Thursday, October 28, 2010

Video Projection Box

I finally did it! After much fretting and late-night research, last evening I caved and bought myself a pico projector. I went with the Samsung SP-H03 pocket projector, as it is smaller than my hand... (really, I swear!), LED-powered, and one can just plug in a flash drive to show a movie. Very exciting, as I wanted something to easily hide and disguise inside the accordion box.

So I am very happy to say that it fits right in- I can perch it on the ledge of the box, and the movie shows up very well in regular fluorescent room lighting. I plan to have it in a fairly dark area, possibly cloaked by some old velvet drapery (if I can get my hands on that). The projection is actually on top of a partially etched zinc plate, on which I hoped would give a strange luminous and reflective quality. It certainly does, although at some angles one just gets the bright spot of the LED light reflecting straight back in the face, so I will have to mess with positioning, although somehow I do really like it all just resting right on the ground. I think it goes along with the viewer having to huddle down toward the chair to pick up the phone receiver.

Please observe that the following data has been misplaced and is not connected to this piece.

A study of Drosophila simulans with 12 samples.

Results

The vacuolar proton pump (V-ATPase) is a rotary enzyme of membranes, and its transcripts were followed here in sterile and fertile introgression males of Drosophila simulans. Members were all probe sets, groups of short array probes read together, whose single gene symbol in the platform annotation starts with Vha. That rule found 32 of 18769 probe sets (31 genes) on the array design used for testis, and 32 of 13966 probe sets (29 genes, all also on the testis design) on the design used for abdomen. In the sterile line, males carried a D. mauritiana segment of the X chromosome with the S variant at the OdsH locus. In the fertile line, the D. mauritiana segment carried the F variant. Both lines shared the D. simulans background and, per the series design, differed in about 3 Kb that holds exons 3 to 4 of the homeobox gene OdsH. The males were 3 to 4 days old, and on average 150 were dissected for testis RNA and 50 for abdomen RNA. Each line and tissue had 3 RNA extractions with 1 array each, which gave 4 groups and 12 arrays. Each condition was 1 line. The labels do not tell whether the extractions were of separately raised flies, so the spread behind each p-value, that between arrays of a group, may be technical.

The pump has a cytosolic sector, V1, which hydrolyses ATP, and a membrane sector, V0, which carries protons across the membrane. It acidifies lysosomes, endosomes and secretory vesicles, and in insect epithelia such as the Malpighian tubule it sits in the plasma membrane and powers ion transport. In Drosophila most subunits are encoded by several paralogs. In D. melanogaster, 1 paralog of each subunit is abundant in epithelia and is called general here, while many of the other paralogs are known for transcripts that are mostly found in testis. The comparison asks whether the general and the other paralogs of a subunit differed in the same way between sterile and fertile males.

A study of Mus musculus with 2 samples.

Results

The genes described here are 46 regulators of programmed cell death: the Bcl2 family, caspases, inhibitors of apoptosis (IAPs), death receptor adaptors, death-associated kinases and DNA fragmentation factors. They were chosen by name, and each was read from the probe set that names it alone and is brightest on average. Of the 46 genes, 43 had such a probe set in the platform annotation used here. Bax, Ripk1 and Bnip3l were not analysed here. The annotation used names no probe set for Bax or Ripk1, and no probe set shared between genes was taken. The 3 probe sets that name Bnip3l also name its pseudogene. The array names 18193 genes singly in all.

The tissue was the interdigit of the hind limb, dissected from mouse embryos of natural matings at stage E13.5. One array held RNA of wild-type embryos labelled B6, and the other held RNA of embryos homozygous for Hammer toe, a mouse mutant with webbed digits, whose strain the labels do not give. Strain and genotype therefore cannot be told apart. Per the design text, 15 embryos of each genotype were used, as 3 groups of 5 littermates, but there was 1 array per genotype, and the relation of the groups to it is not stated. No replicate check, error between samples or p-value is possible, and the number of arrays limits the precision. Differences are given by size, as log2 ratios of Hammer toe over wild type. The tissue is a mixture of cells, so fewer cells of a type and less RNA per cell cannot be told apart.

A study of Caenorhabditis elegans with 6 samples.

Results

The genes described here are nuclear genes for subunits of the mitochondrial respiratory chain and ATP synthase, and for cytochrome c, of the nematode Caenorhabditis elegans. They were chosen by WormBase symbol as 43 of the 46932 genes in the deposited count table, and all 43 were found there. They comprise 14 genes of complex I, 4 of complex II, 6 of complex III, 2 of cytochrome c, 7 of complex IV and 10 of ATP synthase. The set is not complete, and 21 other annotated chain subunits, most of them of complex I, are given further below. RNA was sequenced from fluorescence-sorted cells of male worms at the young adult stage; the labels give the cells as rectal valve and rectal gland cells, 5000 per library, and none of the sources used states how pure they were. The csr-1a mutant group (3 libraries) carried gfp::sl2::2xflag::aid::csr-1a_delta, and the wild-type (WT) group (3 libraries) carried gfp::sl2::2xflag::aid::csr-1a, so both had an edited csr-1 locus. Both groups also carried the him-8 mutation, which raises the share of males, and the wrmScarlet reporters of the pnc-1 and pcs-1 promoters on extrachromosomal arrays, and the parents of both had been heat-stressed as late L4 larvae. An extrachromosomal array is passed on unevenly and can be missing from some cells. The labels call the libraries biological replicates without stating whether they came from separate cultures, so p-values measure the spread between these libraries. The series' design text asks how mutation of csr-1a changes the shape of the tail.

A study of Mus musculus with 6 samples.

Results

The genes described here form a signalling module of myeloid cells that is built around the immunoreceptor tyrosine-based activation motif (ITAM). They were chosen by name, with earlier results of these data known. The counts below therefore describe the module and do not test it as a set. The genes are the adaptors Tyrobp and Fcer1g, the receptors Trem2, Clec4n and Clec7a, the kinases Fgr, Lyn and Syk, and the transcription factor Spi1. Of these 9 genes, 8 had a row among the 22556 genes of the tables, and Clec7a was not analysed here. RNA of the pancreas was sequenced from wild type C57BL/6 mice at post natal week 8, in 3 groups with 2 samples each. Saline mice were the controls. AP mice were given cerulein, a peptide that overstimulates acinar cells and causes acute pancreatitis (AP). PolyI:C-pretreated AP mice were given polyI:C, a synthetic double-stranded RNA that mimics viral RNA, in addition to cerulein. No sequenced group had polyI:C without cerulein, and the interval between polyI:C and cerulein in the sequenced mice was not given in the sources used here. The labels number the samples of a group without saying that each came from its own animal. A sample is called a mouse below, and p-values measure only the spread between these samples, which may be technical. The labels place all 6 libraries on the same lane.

Perhaps I should explain the video a bit. When I was trying to edit it into this sort of narrative montage, it just wasn't working. So I thought about what it really was that I wished to capture, and it was simply a series of actions of making, pulling out, and creating- all sort of magical ways of bringing forth an image and looking, and processing- all mostly with traditional, analog reproduction equipment, such as typewriters, copy cameras, and etching presses. They have a sort of magical draw for me- as if always opening this strange, musty old velvet-lined box and waiting to see what appears inside.

What I decided to do instead was put black space, fade-in's and out's as pauses between each action so that they were separate- almost like a moving slideshow. I added a soundtrack of the trains and the crickets- that sort of strange white noise one hears in the woods, kind of mournful, and longing for a place to return to. I felt that tied it all together somehow.

So without much more adieu, I present some photographs of the setup.